Changes to the rules of the first presidential debate have been released which could change the outcome of the debate.
According to a source with the Commission on Presidential Debates, the debate will proceed, uninterrupted.
“There are no commercial breaks, period,” the source said.
That also means if Democratic nominee Hillary Clinton should suffer a coughing episode, as she has in the past, she will need to deal with it on camera.
The rules also state the candidate’s microphones are not to be manipulated or muted.
Scheduled for Monday, the debate will last for 90 minutes, during which time Lester Holt, serving as moderator, will not be able to break away from the action on stage.
Throughout her campaign, Clinton has been forced to deal with extreme bouts of coughing.
As early as January, while speaking at the Jewish Federation of Greater Des Moines, Clinton had a coughing fit and immediately grabbed a glass of water and a cough drop, which she had nearby. She then asked someone to address the people while she left the stage to try to get her coughing under control.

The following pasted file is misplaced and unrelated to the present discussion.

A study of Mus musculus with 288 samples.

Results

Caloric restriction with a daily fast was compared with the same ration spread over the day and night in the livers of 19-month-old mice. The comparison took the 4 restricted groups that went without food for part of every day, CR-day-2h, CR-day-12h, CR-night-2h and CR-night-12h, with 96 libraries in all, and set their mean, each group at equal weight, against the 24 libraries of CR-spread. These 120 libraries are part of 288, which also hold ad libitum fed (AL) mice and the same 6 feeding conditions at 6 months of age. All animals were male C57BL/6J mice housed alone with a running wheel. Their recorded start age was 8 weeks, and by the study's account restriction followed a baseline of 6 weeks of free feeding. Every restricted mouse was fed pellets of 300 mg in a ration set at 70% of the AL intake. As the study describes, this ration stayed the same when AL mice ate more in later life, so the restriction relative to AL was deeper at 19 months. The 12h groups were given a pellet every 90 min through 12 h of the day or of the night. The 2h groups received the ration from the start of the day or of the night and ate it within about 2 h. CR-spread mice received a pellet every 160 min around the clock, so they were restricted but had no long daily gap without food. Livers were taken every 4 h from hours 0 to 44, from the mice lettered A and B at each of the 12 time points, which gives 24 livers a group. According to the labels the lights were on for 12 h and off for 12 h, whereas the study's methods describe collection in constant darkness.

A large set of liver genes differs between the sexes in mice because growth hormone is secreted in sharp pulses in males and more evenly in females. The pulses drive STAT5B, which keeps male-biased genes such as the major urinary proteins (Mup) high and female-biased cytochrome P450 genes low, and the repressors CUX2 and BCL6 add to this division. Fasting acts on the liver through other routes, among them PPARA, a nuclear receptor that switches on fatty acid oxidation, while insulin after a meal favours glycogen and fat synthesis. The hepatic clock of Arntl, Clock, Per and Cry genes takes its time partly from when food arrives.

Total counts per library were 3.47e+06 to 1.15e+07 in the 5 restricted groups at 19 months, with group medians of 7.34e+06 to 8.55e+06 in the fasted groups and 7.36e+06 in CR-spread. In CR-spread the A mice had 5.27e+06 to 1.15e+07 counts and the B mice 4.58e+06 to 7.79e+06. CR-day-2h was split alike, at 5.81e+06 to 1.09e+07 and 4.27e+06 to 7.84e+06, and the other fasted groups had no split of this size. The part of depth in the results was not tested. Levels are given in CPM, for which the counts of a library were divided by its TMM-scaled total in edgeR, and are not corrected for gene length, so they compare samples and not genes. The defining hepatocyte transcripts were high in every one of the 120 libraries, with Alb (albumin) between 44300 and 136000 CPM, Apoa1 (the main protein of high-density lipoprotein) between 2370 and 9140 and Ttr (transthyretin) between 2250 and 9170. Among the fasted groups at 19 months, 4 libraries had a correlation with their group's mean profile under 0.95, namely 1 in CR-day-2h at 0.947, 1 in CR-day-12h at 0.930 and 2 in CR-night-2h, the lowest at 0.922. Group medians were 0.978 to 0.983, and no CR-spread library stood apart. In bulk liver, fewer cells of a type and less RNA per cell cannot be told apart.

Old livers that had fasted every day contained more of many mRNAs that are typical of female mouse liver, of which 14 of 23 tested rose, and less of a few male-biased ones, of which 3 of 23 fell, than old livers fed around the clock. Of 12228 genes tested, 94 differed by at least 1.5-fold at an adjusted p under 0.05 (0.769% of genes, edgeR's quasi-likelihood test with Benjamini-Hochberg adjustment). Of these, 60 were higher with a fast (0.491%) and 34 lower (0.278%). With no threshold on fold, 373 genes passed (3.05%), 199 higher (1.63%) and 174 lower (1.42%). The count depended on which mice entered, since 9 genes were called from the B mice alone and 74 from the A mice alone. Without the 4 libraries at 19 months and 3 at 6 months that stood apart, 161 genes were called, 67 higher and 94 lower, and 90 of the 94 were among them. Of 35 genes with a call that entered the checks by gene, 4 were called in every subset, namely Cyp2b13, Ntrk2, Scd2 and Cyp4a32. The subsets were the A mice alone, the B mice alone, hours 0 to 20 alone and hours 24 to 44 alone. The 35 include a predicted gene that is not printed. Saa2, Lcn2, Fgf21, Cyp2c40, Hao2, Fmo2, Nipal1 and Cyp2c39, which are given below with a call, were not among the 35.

In February she suffered a similar incident while in New York speaking at the Schomberg Center for Research in Black Culture.
The episode was so severe she was forced to stop speaking and go for the water and a cough drop.
On Labor Day, Clinton suffered from not one episode, but two.
The first occurred at a campaign rally in Cleveland, where the usual water and cough drop did little to alleviate the coughing.
In an effort to play off the incident, Clinton said, “I’ve been talking so much. Every time I think about Trump, I get allergic.”
The second occurred later in the day while she was speaking to reporters on her campaign’s plane. The coughing episode required her to cut short her time speaking to the media.
Clinton was diagnosed with pneumonia Sept. 9.
Projections suggest nearly 100 million people will tune in for Monday’s presidential debate, which is not only Super Bowl-type viewership but it would also be a record for a debate. The previous record was a 1980 debate between President Jimmy Carter and Republican nominee Ronald Reagan, which drew an audience of 80 million.
By comparison, the record viewership for a Super Bowl is 115 million, set in 2015.